According to the recently released results of Stagwell’s (STGW) Harris Poll 23rd Annual Corporate Reputation Ranking, although some grocery stores have weathered the pandemic and supply chain mess well enough to boost their reputations, “the pandemic-era halo many industries enjoyed are beginning to normalize.” Also referred to as the Axios-Harris Poll 100, this annual ranking found that “Social media platforms and companies with missteps on social issues are the ones with the poorest reputations or that suffered the steepest declines.

Quoted in a press release, John Gerzema, CEO of The Harris Poll, summarized the dynamics involved.

“As Americans move on from COVID, they are looking at corporate reputation through a more practical lens,” he said. “Companies delivering on time and keeping their promises despite supply-chain issues are being held in high regard. Businesses that also do their part to create a better world – whether through sustainability or taking a stand on authentic social issues – also are being rewarded.”

Seven Key Areas of Performance

Conducted March 11-April 3, 2022, this annual ranking is based on a survey of 33,096 Americans in a nationally representative sample: “The two-step process starts fresh each year by surveying the public’s top-of-mind awareness of companies that either excel or falter. These 100 ‘most visible companies’ are then ranked by a second group of Americans across the seven key dimensions of reputation to arrive at the ranking.”

Those seven key dimensions are part of the survey’s Reputation Quotient (RQ) and include:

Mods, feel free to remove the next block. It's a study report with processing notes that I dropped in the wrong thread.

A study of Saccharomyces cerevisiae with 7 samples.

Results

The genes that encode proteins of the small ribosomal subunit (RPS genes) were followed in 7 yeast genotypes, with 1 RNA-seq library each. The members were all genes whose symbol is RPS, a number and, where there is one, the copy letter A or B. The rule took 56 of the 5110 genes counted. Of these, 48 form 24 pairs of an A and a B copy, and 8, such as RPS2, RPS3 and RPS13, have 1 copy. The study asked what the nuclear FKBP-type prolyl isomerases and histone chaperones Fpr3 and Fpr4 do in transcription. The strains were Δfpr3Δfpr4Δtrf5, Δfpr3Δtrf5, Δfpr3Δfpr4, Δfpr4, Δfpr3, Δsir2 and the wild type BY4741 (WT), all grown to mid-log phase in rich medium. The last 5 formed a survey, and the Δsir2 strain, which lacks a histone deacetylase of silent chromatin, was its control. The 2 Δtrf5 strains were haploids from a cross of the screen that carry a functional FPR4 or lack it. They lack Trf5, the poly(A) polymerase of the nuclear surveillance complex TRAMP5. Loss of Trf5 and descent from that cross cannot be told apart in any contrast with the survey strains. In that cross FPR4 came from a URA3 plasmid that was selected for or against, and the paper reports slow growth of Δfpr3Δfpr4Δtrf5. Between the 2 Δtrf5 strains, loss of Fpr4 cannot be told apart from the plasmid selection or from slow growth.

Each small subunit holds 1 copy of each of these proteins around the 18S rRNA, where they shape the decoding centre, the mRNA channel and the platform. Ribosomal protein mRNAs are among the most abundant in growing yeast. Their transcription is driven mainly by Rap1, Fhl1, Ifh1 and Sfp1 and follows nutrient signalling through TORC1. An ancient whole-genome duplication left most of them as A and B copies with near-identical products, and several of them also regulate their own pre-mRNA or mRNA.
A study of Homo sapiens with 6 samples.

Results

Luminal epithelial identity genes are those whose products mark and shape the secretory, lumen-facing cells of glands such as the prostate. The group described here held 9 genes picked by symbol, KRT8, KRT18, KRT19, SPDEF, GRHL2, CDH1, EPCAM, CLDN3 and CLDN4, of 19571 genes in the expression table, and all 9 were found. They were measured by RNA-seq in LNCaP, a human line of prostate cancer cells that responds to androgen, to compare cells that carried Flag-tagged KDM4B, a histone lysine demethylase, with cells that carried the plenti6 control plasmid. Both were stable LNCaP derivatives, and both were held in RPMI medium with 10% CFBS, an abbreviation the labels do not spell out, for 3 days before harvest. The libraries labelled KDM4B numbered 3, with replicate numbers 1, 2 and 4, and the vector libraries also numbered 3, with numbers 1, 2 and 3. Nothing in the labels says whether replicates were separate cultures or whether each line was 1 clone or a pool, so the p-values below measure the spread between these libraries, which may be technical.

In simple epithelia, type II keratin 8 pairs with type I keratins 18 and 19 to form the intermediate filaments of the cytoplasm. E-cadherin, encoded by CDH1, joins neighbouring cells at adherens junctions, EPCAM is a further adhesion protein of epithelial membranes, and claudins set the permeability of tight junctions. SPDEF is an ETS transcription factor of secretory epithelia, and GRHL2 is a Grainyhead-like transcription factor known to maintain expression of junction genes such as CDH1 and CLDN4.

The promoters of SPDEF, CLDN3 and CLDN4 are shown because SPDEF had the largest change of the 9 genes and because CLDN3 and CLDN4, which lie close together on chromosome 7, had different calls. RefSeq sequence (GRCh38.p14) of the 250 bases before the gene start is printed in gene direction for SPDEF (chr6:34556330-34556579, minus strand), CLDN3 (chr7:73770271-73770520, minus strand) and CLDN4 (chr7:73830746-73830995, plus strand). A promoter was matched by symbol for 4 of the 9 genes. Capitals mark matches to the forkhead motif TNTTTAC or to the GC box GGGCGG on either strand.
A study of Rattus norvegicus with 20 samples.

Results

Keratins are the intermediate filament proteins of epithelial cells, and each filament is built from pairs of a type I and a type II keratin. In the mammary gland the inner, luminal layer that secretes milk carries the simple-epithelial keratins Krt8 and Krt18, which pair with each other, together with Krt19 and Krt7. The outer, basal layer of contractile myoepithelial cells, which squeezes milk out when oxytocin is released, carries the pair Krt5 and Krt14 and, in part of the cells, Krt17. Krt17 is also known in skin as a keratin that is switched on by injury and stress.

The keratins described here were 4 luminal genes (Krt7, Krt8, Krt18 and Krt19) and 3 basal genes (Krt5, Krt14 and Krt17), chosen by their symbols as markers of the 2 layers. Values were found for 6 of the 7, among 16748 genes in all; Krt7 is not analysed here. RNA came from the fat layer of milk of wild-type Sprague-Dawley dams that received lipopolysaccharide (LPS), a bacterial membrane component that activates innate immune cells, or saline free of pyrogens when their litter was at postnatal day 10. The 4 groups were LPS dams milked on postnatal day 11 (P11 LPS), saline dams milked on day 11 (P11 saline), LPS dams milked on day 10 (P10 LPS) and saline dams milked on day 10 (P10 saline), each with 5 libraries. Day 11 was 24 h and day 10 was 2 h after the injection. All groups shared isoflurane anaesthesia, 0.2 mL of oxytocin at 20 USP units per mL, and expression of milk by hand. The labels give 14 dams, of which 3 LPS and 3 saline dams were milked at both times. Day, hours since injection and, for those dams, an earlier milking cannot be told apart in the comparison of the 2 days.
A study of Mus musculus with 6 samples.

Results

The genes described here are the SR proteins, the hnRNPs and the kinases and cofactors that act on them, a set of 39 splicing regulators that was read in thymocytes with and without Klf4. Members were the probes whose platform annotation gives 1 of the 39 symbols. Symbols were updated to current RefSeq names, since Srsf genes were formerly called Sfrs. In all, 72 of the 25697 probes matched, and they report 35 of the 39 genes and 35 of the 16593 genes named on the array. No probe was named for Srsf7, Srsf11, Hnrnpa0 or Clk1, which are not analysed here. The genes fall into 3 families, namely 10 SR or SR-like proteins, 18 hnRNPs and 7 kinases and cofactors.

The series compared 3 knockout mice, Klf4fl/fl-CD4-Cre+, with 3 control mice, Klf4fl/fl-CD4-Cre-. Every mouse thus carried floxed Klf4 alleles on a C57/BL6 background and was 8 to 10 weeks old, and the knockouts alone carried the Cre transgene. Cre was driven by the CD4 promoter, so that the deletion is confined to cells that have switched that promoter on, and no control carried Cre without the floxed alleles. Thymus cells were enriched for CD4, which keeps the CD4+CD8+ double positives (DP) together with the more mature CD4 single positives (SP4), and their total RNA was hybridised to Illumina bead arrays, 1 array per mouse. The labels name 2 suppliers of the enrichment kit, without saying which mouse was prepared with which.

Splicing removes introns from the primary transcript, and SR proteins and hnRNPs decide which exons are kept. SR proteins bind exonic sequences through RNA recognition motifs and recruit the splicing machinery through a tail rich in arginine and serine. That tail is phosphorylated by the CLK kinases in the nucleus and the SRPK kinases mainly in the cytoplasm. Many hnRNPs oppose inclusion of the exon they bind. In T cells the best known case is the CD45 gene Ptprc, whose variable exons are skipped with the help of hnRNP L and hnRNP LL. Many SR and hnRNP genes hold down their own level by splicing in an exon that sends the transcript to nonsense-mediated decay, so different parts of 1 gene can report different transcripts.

• Trust – “Is this a company I trust?”
  • Vision – “Does this company have a clear vision for the future?”
  • Growth – “Is this a growing company?”
  • Products and Services – “Does this company develop innovative products and services that I want and value?”
  • Culture – “Is this a good company to work for?”
  • Ethics – “Does this company maintain high ethical standards?”
  • Citizenship – “Does this company share my values and support good causes?”

Lessons for Healthcare Brands

In the statement, several leaders associated with the survey summed up key points related to the findings that may also apply to healthcare brands. They include the importance of:

  • Getting back to basics with steadfast values: “It’s back to basics with companies that offer quality products and are guided by steadfast values riding to the top,” said Stagwell Chairman and CEO Mark Penn. “Those that became enmeshed in political quagmires tended to be set back.” 
  • Starting close to home to reestablish trust: “The poll reinforces what we have seen on the ground with our local news product Axios Local,” said Jim VandeHei, co-founder and CEO of Axios. “To reestablish trust with a skeptical population, you have to start closer to home, making a real impact within local communities. Consumers reward brands that deliver a trusted product on time and as promised.”
  • Prioritizing reputation throughout the organization: “To excel at reputation, companies must deliver high marks on business performance, corporate character and trust,” said Ray Day, vice chair of Stagwell, which includes The Harris Poll. “While you can build a brand, you earn a reputation. Companies with strong reputations have a price advantage, a competitive advantage and a talent advantage. That’s why reputation needs to be a priority from the board room to the C-suite.”

Contact us today to find out how we can help you level up your healthcare marketing strategy.